Art Review: "Panda's Exercise," prints by Jennifer Koch and Gregg Blasdel. 215 College Gallery, Burlington. Through June 16.
Collaborative works are rare in art history, seldom executed (or at least acknowledged) until the postmodern era. Even now, only a couple of internationally known couples are jointly producing pieces judged to be of museum quality: the Starn twins, who recently built a bamboo maze on the roof of the Metropolitan Museum of Art, and the British duo Gilbert & George, best known for their large-scale photographic double self-portraits.
Husband-and-wife collaborations are rarer still. The list of big names begins and ends with installation artists Christo, 75, and Jeanne-Claude, who died last year.
This is but one reason a current show at the 215 College Gallery  may pique visitors’ interest. “Panda’s Exercise” presents 14 block prints, each a product of the marital and artistic partnership of Jennifer Koch and Gregg Blasdel  of Burlington.
They’ve been making art together since 2004 — but only in a series of prints known collectively as “The Marriage of Reason.” Koch, owner of Frames for You and Mona Lisa Too , and Blasdel , an associate professor of fine arts at St. Michael’s College, create their work separately most of the time.
The pieces in the current show are visual counterparts to the “call-and-response” musical pattern, Blasdel explains. He says each print began with a Koch carving of a shape resembling “a hank of rope,” to which he added a 38-part geometric image that varies in color from print to print but retains an identical shape in all but two or three of the pieces. Blasdel’s polyhedron always floats on the top half of a sheet of heavyweight white paper; Koch’s twiny, stencil-like form always occupies the lower portion.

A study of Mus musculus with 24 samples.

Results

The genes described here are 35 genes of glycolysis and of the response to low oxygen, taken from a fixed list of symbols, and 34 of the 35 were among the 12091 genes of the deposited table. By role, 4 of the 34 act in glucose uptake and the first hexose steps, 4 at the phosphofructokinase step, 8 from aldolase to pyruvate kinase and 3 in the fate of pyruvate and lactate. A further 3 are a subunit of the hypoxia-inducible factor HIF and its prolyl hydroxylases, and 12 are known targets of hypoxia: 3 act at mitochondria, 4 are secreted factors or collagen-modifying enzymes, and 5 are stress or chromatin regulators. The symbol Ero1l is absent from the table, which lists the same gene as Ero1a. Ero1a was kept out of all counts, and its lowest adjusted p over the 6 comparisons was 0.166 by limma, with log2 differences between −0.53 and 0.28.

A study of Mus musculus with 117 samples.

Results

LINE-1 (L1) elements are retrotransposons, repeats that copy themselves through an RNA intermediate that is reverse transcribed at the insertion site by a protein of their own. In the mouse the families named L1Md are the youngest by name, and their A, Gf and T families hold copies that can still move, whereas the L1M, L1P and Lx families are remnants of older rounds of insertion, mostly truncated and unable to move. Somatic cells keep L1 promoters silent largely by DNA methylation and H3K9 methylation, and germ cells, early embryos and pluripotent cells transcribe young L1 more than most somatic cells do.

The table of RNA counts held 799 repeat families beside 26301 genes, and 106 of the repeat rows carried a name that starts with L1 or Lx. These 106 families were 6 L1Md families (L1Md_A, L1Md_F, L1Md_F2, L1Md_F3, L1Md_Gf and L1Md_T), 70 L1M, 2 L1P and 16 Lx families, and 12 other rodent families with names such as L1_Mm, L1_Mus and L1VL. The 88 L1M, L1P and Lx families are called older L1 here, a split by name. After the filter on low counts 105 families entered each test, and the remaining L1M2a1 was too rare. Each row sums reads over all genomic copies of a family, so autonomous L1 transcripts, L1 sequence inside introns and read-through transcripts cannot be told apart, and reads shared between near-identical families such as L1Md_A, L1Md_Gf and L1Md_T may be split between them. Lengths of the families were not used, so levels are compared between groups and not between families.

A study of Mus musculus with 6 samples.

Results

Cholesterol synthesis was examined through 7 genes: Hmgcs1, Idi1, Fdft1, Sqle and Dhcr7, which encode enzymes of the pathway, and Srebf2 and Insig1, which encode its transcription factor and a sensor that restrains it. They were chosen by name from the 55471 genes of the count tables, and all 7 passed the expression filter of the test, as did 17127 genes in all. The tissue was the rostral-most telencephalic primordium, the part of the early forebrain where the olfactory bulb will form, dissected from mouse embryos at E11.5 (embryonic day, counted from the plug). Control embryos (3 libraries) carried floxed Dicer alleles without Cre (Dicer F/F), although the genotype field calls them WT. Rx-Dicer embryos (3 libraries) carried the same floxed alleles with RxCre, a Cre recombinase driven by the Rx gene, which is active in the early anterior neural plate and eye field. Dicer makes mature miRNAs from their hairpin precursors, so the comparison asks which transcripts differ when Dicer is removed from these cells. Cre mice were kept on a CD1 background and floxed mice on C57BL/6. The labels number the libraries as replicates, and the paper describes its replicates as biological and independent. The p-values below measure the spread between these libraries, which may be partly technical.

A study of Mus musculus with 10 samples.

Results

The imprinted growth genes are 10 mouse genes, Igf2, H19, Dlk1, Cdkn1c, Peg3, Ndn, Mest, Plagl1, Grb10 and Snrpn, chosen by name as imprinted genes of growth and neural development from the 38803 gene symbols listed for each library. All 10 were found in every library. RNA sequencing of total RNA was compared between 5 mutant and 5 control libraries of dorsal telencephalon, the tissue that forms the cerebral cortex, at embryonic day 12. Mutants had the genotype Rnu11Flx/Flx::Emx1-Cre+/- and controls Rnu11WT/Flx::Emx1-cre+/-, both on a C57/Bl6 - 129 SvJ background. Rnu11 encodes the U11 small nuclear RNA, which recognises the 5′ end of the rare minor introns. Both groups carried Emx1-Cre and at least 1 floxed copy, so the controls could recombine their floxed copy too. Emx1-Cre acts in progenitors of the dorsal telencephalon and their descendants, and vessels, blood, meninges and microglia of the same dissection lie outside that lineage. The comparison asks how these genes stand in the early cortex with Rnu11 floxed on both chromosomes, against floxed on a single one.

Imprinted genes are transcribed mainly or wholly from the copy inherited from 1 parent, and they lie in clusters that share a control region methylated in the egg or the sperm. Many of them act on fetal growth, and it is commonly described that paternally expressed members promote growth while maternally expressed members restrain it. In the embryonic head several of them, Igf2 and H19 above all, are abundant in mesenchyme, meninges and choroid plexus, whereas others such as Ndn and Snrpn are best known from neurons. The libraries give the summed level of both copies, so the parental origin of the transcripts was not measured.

It’s impossible — for this viewer — to look at these prints and not think about sex. Blasdel’s pointy, hard-edged form thrusts insistently downward toward the pouched part of Koch’s soft, receptive shape. Viewers may feel the urge to step outside for a cigarette after experiencing 14 of these visual copulations in succession.
The show’s formalist temperature isn’t nearly as hot. In fact, there’s not much visual variety here, what with every print made in the same dimensions and with the same arrangement of forms. And, perhaps surprisingly given Koch’s day job, only one of them has the put-together look that framing can produce.
It’s the color shifting that makes this series appear austere rather than monotonous. Koch’s organic form, which she says originated as a drawing of a skein of yarn, consists in each instance of white strands bordered and shaded by one other color, while Blasdel sometimes uses as many as five colors on the faces of his angular constructions, all of which create an illusion of three-dimensionality. Some of his combinations involve variations in color values as well as subtle alterations in the overall shape.
These joint compositions of like and unlike elements are usually harmonious and occasionally entrancing, in a minimalist sort of way.
Why is the exhibit called “Panda’s Exercise”? Koch says the series was initially titled “Emerald Buddha,” based on the resemblance of Blasdel’s gem-shaped configuration to the forehead jewel included in some representations of the Buddha. That got scrapped, however, after Koch began seeing a panda’s face in the conjunction of the two forms in each of the prints.
Maybe other viewers will perceive that likeness. I did not.
Regardless, “Panda’s Exercise” is an intriguing exhibit, less aesthetically (the prints don’t leave much of an imprint in the mind’s eye) than for the questions it raises about the creative process. A big one has to do with whether a work of visual art can be cohesive and effective when it’s the product of more than a single pair of hands. This show leaves the answer … in the eye of the beholder.